Programming

Oprah, Discovery Team Up on New Network

OWN: The Oprah Winfrey Network to Replace Discovery Health Channel, Debut in 2009 1/15/2008 01:40:00 PM Eastern

Oprah Winfrey and Discovery Communications will partner on a new network with Winfrey’s brand of feel-good empowerment, which will replace Discovery Health Channel, the companies announced Tuesday.

David Zaslav and Oprah Winfrey

OWN: The Oprah Winfrey Network is scheduled to bow in 2009 with the distribution muscle of Discovery Health’s 70 million homes. The new network will also include Oprah.com, Winfrey’s popular Web site.

Since David Zaslav took over as CEO of Discovery one year ago, he has significantly altered the programmer’s portfolio of networks, including relaunching Discovery Home as eco-themed Planet Green and starting a new crime and investigations channel, Investigation Discovery.

He has also trimmed some 26% of the company’s work force; closed its retail stores; and spearheaded a move to take the company public. In December, John Malone’s Discovery Holding and Advance/Newhouse Communications said they will combine their stakes in a deal to create a new holding company for the media conglomerate.

Most if not all Discovery Health programming will be scrapped when OWN debuts. In its place will be empowerment-themed programming that Winfrey said “will inspire and entertain people.”

Winfrey will serve as chairman of OWN and have full editorial control of the venture. The venture is a 50-50 split between Discovery and Winfrey’s Harpo Productions.

The network’s first order or business will be finding a CEO to run it, after which they will determine where OWN will be based -- most likely in Chicago, where Harpo is based, or in Silver Spring, Md., where Discovery is headquartered.

The new Oprah network, while starting with near full cable distribution, will have to bank on the name-recognition of its chief, and some big marketing, to make a splash -- not many viewers regularly turn to Discovery Health on the cable dial.

The wellness-focused audience right now is tiny -- on average only 60,000 viewers in total-day viewing during 2007, and that was down 6% over last year. By comparison, Lifetime Television averaged 590,000 viewers during 2007 (down 6% from 2006) and Oxygen averaged 653,000 (up 4% over 2006).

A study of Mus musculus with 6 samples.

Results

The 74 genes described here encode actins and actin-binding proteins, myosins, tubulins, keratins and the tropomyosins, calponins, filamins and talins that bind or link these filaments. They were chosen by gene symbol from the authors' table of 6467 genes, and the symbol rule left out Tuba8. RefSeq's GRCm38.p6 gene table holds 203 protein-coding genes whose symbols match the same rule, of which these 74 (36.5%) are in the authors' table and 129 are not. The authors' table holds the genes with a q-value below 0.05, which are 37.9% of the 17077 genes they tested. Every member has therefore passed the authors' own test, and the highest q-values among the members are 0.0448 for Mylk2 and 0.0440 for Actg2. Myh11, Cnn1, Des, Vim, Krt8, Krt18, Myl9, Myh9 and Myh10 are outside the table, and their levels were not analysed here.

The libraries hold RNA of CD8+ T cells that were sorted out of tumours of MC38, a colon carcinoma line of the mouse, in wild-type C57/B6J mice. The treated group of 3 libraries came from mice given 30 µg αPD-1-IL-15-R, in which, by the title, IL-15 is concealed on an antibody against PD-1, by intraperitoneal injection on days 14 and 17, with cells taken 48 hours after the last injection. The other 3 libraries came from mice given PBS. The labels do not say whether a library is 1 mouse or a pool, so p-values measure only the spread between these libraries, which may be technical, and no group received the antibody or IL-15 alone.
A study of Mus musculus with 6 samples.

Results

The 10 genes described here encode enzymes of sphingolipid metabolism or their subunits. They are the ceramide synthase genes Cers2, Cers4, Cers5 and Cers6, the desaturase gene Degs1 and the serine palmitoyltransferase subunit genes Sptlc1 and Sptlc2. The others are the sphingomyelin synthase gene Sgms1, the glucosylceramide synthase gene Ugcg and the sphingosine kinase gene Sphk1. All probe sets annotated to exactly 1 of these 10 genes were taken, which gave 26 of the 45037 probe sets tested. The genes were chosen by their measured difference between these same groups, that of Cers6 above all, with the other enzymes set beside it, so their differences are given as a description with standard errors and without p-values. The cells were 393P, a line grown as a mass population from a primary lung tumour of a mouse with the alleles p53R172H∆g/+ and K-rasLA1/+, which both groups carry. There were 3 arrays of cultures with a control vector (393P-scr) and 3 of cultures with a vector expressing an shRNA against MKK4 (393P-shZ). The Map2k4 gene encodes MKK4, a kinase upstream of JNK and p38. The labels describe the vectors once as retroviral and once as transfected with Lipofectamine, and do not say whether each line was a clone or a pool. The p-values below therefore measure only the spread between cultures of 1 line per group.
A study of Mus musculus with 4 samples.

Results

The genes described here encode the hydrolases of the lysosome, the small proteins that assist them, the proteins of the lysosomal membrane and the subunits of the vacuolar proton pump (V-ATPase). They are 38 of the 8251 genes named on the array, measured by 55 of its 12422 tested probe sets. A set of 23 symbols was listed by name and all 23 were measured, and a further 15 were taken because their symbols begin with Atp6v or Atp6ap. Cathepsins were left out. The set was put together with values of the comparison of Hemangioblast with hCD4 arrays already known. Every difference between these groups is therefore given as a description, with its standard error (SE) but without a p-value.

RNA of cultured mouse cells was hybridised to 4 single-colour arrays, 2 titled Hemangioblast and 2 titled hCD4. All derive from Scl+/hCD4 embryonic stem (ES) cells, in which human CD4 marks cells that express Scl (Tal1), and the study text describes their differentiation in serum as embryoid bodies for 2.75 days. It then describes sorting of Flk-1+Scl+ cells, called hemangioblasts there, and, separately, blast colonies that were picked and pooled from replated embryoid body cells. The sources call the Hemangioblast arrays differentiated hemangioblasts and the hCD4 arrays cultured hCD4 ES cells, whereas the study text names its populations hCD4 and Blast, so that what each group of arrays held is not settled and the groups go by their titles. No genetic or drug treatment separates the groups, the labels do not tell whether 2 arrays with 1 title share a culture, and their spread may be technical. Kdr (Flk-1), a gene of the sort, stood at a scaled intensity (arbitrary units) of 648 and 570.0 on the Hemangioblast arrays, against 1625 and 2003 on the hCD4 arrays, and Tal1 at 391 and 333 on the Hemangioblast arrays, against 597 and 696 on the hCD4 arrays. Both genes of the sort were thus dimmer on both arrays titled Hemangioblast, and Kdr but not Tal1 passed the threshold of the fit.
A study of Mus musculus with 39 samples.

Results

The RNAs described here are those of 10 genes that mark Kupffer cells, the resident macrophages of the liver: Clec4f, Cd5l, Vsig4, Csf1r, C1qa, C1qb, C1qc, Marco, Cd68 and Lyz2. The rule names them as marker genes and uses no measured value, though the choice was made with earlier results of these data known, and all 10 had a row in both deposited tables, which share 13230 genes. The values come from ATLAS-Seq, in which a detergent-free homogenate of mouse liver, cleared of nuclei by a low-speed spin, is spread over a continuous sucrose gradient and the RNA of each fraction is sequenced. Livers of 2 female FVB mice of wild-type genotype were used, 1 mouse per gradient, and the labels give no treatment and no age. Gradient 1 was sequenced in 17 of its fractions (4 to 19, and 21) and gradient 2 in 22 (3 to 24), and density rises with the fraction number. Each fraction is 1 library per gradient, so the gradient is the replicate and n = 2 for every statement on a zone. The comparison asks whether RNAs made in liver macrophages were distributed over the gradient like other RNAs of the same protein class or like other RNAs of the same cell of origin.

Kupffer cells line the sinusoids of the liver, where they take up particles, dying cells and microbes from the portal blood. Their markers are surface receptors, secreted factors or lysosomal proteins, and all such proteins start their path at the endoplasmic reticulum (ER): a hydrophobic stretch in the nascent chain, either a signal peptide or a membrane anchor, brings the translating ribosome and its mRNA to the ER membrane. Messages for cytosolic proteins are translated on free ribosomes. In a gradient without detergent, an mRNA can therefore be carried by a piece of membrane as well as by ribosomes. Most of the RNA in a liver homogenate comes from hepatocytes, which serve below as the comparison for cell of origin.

Unlike with Oxygen Media -- where Winfrey served as a board member and which NBC Universal recently purchased for $875 million -- Winfrey said she will have control over every piece of programming that ends up on the new network.

She was disappointed that Oxygen “did not reflect my voice,” but she declined to name specifics on which parts of Oxygen’s programming she took issue with. “Here I have editorial control, and there is a vision I want to accomplish with this network,” Winfrey said.

Discovery and Winfrey provided little on specifics with regards to programming on the network, although Winfrey said she wanted to produce “the kinds of shows that make my heart sing” and “mindful, not mindless television. This is the place I want to go if I want to feel better about myself, my life.”

Oprah’s signature talk show is contractually locked up through 2011, although negotiations are set to begin in the fall that could result in the show finding its way to the new network when the current deal expires.

In describing the network, Zaslav said it fit in with Discovery’s mission to focus on its brands’ devotion to knowledge-seeking, rather than on ratings, although the network will be an ad-supported traditional basic-cable network.

Zaslav echoed Winfrey’s sentiments with the programming, saying that Discovery wanted to “create quality content that empowers and helps people to live their best lives.”

The network will stand in direct competition to Oxygen, leveraging the power of Winfrey’s already-established Oprah.com to become a powerful multimedia women-targeted brand.

Zaslav said he had already been in talks with cable operators about the network and Winfrey’s coming to cable created value for the cable industry as a whole.

Winfrey now joins a list of several broadcast-TV personalities who have found second lives in cable, including Dan Rather, who joined HDNet, and Ted Koppel, who has produced specials for Discovery.

"15 years ago, I wrote in my journal that one day I would create a television network, as I always felt my show was just the beginning of what the future could hold," Winfrey said in a statement. "For me, the launch of 'The Oprah Winfrey Network' is the evolution of the work I've been doing on television all of these years and a natural extension of my show."